When people talk about adding "power steering" to a boat, they may not realize that what they will end up doing is taking out their cable steering and installing hydraulic steering. Even so, it's not as complicated as it sounds, as long as your boat is up to the conversion. Hydraulic steering kits for small boats start at about $600. The whole conversion can be completed in a single afternoon, if you have the kit and the "extra" parts and tools you need.
Things You'll Need
- Hole saw
- Open end or combination wrenches
- Socket wrenches
- Torque wrench
- PVC conduit
Purchase the correct steering kit. Tell the dealer whether your steering wheel is a standard mount (perpendicular to the deck) or a tilt helm (the steering wheel is at an angle, like a car's) and the type of motor you use -- some small outboards can't be adapted to hydraulic steering. If your boat has a splash well, the dealer will also need to know its dimensions through the full tilt and trim range of the engine. Ask the dealer if the kit is all-inclusive and if not, ask what other parts (usually hoses and fluid) are needed.
Prepare the helm unit. Ensure that sufficient room exists in the steering console to install the pump. Screw the elbow fittings into the back of the helm unit in the ports marked "P" and "S" (port and starboard) until finger tight. Use a pipe sealant, not pipe tape, on all threads. Pipe tape can "get loose" in a hydraulic system and clog or damage the pump. Then, use a wrench to tighten one to two turns, so that the end of the fitting points outboard from the side of the helm unit.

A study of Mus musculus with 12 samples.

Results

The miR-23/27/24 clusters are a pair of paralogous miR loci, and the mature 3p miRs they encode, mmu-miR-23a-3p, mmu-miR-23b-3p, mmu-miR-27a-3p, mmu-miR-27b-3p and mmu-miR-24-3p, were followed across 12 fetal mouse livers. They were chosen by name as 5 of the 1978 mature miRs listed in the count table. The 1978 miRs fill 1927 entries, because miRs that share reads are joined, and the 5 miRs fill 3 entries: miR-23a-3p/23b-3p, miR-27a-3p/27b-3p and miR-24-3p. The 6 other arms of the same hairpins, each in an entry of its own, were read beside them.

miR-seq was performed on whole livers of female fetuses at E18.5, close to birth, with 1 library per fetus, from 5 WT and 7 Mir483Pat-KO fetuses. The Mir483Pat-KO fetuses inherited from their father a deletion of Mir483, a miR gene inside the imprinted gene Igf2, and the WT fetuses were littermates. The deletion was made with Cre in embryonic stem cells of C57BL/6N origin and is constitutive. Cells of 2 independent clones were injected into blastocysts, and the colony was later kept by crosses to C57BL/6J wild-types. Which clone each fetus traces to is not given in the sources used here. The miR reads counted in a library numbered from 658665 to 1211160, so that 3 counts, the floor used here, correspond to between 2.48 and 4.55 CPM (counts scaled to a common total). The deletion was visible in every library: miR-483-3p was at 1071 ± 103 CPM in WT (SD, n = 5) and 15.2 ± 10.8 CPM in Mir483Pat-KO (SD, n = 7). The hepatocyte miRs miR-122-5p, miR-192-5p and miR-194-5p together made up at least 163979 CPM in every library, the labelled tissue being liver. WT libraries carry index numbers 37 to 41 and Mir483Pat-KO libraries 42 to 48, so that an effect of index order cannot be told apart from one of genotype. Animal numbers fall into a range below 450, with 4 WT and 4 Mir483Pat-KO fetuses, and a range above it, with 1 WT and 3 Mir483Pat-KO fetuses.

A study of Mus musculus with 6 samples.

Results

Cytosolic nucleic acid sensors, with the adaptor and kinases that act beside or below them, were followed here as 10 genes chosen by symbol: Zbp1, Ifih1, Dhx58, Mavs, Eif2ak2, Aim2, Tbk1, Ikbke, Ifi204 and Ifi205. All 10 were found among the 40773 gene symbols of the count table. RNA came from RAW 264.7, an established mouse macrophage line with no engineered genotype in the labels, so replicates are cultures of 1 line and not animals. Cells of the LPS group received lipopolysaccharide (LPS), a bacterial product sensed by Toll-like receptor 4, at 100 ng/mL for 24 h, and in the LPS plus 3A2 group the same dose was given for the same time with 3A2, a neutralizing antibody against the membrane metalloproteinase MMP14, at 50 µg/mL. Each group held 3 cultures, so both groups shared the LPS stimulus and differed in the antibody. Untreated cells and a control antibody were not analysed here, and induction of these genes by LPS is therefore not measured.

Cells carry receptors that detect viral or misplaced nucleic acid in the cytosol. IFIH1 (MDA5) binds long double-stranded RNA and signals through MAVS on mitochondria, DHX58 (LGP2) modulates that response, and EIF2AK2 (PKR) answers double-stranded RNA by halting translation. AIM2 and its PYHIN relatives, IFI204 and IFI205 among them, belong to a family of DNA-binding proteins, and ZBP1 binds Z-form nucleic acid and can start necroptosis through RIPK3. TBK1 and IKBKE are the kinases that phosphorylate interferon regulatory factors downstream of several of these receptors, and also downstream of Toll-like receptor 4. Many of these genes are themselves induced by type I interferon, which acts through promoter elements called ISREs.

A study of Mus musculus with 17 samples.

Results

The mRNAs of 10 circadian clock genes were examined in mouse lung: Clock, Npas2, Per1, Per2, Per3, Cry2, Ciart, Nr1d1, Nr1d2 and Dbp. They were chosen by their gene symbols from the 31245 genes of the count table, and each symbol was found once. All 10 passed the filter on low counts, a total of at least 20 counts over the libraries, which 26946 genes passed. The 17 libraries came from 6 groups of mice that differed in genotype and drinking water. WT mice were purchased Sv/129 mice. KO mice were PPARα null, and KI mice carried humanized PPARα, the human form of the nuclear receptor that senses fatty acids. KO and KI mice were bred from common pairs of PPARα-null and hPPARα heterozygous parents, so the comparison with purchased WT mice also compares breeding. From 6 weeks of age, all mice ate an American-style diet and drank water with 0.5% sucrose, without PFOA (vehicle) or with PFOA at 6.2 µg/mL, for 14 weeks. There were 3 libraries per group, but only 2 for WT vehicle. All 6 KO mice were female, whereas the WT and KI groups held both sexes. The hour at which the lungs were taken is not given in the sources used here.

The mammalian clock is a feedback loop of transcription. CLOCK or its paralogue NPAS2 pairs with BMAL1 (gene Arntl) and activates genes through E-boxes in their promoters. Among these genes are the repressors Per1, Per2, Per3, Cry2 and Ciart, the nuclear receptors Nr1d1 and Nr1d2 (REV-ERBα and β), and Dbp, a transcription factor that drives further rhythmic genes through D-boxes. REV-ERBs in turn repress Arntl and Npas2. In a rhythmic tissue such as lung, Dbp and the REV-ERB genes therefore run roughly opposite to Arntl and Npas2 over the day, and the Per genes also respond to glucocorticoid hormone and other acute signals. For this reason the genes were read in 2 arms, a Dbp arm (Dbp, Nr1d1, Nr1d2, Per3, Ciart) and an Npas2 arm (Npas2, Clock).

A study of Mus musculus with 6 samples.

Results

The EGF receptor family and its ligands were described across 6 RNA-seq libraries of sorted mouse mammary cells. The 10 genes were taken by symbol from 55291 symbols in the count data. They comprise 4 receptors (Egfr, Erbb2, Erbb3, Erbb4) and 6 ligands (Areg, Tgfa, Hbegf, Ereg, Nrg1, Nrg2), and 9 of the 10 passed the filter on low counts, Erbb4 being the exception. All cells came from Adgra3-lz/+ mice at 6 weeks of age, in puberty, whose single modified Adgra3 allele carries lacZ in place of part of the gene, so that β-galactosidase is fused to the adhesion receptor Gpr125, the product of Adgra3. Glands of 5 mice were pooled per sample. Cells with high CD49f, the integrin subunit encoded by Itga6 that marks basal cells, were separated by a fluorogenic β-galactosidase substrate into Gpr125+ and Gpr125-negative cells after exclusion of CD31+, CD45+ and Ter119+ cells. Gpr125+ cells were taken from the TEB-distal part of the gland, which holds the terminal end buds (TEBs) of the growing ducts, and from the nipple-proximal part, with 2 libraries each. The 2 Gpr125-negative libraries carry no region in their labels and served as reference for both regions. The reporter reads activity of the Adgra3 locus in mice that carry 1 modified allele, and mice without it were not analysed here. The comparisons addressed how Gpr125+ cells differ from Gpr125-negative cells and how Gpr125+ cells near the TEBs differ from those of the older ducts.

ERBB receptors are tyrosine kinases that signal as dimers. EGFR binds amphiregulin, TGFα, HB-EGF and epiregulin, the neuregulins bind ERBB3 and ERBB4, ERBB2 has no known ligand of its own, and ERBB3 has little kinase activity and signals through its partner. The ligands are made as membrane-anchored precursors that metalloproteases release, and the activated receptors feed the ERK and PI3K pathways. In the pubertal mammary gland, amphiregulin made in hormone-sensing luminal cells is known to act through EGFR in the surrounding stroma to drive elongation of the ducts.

Install the helm unit in the dash. Grease the tapered steering wheel shaft with a light coating of shaft grease, then install the wheel on the shaft. Tighten the steering wheel shaft nut. Thread the hose fittings onto the elbow fittings on the rear of the helm unit and tighten to 15 ft-lbs. with the torque wrench. Do not remove the protective caps from the unthreaded end of of the hoses. Route the hoses through the PVC conduit to the stern of the vessel along the port or starboard gunwale, rising gradually to the height of the motor.
Clean and remove all rust from the tilt arm bolt hole and tilt tube of your engine. If any parts require lubrication, apply marine grease before assembly continues. Attach and connect the support brackets on the steering ram assembly to the support rod and cylinder rod with the fasteners provided. Free play in the support rod can be eliminated with the adjusting ring nut. Once free play has been eliminated, use the set screw to tighten the adjusting ring nut.
Turn the steering wheel lock to lock to ensure the system doesn't bind and that no part of the cylinder assembly makes contact with the transom or splash well wall when the engine is tilted.